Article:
There is a story in the Srimad Bhagavata about Krishna eating mud. One day while little Krishna was playing with Balarama and the other cowherd boys, he picked up a little bit of soil from the wet earth under his feet and put it into his mouth. Balarama and the other boys ran to Yashoda and complained about this.
Yashoda ran up to little Krishna and scolded him saying “Why did you do this? Why do you eat mud stealthily?” Krishna stood with tears rolling down his cheeks and told her “They are lying. I did not eat mud, mother. If you think I am lying and they are telling the truth, please look into my mouth” When he opened his mouth, the story goes that Yashoda saw within Krishna’s mouth the entire Universe – a microcosm of the macrocosm… the moving and the unmoving entities – the galaxies, the planets, stars, suns, cycle of constant creation and destruction, birth and death, the arrows of time, the individual, primeval, and supreme consciousness pervading, impregnating, and invading all sentient and insentient beings…
For a moment, Yashoda was stunned and too shaken to say anything –
Many of us have had these moments when a little bit of the spirit descends on us – the sudden tearing-up of the eyes, an involuntary shudder, a “disquieting quietness” that cannot be explained…
Sri Aurobindo captures this evocatively in the first few lines of his “The Hour of God“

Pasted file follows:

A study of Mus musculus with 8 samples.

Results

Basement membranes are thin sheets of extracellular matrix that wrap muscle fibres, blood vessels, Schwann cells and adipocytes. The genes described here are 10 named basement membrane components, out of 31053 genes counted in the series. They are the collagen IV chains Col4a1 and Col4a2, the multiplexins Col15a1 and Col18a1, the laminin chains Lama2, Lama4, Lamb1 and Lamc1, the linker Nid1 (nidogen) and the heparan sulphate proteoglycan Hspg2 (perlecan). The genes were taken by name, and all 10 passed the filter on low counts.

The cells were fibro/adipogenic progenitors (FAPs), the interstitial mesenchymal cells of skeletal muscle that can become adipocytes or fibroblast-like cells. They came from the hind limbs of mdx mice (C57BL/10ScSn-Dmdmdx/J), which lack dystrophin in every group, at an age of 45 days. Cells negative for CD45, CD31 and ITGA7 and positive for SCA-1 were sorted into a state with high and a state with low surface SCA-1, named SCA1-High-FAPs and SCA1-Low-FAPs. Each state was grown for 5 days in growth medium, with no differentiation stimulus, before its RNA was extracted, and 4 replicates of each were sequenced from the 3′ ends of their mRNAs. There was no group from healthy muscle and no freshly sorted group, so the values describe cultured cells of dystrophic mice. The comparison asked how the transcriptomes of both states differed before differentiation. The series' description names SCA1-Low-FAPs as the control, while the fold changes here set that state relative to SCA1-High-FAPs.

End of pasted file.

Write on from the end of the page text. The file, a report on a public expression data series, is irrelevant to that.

“There are moments when the Spirit moves among men and the breath of the Lord is abroad on the waters of our being; there are others when it retires and men are left to act in the strength or weakness of their own egoism…“
Even before she could register what was happening, Krishna closed his mouth and the moment was gone she was his mother again and he her dear son…
There are four (4) Mahavakyas (Great Statements) from each of the 4 vedas that occur in each of their associated Upanishads that define and summarize the quintessence of vedantic thought and are relevant to this story. These four statements indicate the unity between the individual (consciousness) and the universal (consciousness) as experienced by Yashoda:
प्रज्ञानम् ब्रह्म “Pragnyanam Brahma” – “Conscious-Intelligence is Brahman” [Aitareya Upanishad; 3.3 of Rig Veda]
अहम् ब्रह्मास्मि “Aham Brahm-asmi – “I am that Brahman. Atman / Conscious-Intelligence / integrated part of that universal consciousness” [Brihadaranyaka Upanishad; 1.4.10 of Yajur Veda]
तत् त्वम् असि “Tat-tvam Asi” – “You are that (Brahman)” [Chandogya Upanishad; 6.8.7 of Sama Veda]
अयम् आत्मा ब्रह्म “Ayam Aatma Brahma” – This self, this atman is that Brahman / Supreme Consciousness [Mandukya Upanishad; 1.2 of the Atharva Veda]
These four statements could be examined or understood individually or as a graduated progression of the inner realization – I prefer the latter:
First the understanding that there is an Omniscient consciousness that pervades everything in the universe. Second a fragment of this consciousness is present in each sentient and insentient being and is Omnipresent. Finally, the realization that this omnipresent being is the atman which is a part of the supreme paramatman.